BOB UPHUE/Staff Photographer

The village of Riverside has budgeted $75,000 this year to “touch up” peeling paint on its signature landmark, the downtown water tower. But officials don’t expect the paint job to last long and are trying to determine the best way to maintain the tower’s appearance moving forward.

Paint flaking from the upper portion of the brick tower and peeling on its roof have been ongoing issues for the village since it spent more than $1 million to restore the landmark structure in 2005.

“Maintenance is a priority,” said Village Manager Jessica Frances. “It’s an instrumental part of our central business district.”

A solution to the problem has not been easy to find, and it relates to the bricks from which the upper portion of the tower is made. Back when the problem first revealed itself back in 2006, the public works director at the time noted that four different kinds of bricks make up the tower.

The Milwaukee cream and red finish bricks that comprise the lower portion of the tower date from its 1872 construction. Those bricks were not repainted after the restoration was done in 2005.

Above the decorative finish brick is common brick that dates from both 1872 and 1913. The earlier common brick was covered by the decorative wooden fretwork around the top of the tower. The later common brick, which extended the height of the tower, was added after a 1913 fire.

The peeling paint is especially noticeable among the 1872 common bricks on north side of the tower, though bricks higher up on the tower are affected as well.

At a meeting of the Riverside Preservation Commission last month, Public Works Director Edward Bailey said that the problem wasn’t simply peeling paint. Sure, paint was coming off the tower, but it was coming off along with flakes of the bricks themselves.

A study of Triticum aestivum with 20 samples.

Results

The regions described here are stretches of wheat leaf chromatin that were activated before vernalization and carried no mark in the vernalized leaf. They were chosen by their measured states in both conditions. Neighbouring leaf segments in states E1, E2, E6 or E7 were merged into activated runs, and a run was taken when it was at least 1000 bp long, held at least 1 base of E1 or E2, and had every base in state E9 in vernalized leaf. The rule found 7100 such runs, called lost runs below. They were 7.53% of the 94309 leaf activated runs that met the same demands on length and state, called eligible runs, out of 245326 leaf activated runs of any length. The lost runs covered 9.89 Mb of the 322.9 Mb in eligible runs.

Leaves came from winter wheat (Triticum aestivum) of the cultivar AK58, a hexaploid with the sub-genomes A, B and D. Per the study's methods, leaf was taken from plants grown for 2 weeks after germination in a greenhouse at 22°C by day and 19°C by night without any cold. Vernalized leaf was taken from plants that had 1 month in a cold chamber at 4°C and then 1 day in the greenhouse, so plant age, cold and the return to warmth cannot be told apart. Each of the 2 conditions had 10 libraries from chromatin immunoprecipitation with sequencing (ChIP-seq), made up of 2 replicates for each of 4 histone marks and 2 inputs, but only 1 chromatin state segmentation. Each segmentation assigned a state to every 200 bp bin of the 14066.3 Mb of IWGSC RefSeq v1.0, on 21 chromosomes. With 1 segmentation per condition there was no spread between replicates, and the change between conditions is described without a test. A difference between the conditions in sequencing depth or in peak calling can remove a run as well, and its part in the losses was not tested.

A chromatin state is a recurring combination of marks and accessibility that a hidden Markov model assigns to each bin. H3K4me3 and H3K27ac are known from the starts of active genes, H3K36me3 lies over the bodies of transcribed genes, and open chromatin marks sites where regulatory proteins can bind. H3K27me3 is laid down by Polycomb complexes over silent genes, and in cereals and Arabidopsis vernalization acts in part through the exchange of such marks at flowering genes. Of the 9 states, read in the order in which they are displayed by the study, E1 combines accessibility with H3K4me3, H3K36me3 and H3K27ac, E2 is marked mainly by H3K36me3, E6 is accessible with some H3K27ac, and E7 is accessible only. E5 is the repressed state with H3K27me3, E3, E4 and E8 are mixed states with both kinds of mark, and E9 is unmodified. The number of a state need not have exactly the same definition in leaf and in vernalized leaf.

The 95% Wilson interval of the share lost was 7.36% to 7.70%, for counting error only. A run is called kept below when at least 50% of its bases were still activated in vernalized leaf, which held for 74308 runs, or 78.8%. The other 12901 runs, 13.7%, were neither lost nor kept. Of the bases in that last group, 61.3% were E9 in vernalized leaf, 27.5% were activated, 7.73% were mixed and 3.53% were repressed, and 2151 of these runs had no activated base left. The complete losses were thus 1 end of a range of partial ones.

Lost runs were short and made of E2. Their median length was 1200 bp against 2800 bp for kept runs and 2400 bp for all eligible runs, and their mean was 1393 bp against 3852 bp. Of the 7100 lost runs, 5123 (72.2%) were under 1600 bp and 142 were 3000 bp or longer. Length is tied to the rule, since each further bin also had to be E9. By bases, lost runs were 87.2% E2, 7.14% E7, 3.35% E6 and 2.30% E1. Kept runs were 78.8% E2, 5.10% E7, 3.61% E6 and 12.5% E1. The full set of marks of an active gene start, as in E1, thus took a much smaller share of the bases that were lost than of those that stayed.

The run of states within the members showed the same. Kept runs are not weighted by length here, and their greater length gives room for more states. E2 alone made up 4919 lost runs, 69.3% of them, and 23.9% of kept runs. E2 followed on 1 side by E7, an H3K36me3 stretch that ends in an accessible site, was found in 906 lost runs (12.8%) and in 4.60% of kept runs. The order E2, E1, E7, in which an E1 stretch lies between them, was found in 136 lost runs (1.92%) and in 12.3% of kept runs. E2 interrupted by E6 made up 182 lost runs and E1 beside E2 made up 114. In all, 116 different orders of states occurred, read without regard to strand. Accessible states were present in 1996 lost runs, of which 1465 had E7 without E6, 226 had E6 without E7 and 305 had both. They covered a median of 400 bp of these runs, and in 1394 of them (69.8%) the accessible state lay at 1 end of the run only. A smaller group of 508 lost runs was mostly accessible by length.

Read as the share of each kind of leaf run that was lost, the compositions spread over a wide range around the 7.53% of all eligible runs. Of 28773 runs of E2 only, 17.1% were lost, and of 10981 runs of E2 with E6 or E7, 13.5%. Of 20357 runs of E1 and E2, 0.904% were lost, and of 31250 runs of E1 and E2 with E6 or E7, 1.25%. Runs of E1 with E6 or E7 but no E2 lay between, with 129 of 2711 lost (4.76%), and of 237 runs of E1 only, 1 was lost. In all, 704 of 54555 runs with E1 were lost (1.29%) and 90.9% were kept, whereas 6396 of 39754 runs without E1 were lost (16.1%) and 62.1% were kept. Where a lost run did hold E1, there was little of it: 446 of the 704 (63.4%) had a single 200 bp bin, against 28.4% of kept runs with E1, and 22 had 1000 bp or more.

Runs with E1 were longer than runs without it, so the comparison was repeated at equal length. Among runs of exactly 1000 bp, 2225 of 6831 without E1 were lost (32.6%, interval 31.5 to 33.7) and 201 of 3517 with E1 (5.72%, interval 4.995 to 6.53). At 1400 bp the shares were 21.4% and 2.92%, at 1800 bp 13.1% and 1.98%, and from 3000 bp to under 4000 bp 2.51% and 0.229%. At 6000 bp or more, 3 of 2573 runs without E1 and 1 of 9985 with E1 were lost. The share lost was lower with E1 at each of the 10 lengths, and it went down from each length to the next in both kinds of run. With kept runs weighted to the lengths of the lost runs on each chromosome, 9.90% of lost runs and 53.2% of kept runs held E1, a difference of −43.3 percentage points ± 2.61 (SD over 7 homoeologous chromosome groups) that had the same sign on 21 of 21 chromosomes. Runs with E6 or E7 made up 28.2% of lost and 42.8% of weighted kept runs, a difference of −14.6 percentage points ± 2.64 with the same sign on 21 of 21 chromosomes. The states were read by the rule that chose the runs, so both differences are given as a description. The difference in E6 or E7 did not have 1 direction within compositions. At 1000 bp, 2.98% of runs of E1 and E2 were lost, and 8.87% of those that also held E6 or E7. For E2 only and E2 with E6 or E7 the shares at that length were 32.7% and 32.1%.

“The consensus is that it’s the face of the bricks falling off, not paint peeling,” Bailey said.

Uncertainty regarding how exactly to move forward with maintaining the water tower, if indeed the bricks are crumbling away, is what led Bailey to appear before the Preservation Commission, which oversees exterior modifications to local landmark structures.

While there’s no plan for how to approach longer-term maintenance right now, Bailey felt it was appropriate to keep the commission apprised of the situation.

“I’m almost certain to obtain architectural help with this,” Bailey told the commission in March.

A decade ago, village officials realized that the peeling paint was going to be a perpetual problem, but they didn’t understand the scope of the issue.

In 2005, the upper, common-brick portion of the tower was covered with a mineral coating made by a German company called Keim Mineral Systems. When the paint flaking first appeared less than a year after it was restored, the Keim mineral coating was applied to the affected bricks. Just a few months later, village officials noted that the touch-ups hadn’t taken and that problem hadn’t been solved.

By 2010, the village’s public works director requested a $20,000 line item for water tower paint retouching, and the village board accepted that this paint problem was going to be an issue that would need ongoing funding, perhaps $10,000 per year.

In 2015, the village sought to hire a company to do just that, but couldn’t find anyone who wanted to take on the job. The job was too small to attract anyone, said Bailey. In addition, retouching the paint would require erecting scaffolding or using a lift truck.

Bailey said that there’s enough work to do at this time to offer a larger project that may attract several competitive bids. He said a bid package would be ready in the next 30 to 60 days.

The package would include retouching the tower bricks using the Keim mineral coating and repainting the metal roof, which has peeled tremendously in some areas, and on the southwest side in particular.

This year’s project, said Bailey, likely will inform how the village will approach maintenance in the future and whether it may need to seek a solution other than the Keim coating.

If that’s the case, Riverside may need to consult with the Illinois Historic Preservation Agency. The 2005 restoration of the water tower was made possible in part by a $275,000 grant from the National Park Service’s through the federal government’s Save America’s Treasures Program.

As part of the grant, Riverside entered into a 50-year conservation easement agreement with the Illinois Historic Preservation Agency. The agreement restricts altering the tower, including repainting and refinishing, from deviating from preservation standards accepted by the U.S. Department of the Interior.

Since the Keim mineral coating was approved as part of the original restoration, doing touch-ups using that material appears to align with the easement agreement. But if the village wanted to change that method or replace bricks, it might trigger a review.

“We’re going to learn something from the project this year,” Bailey said.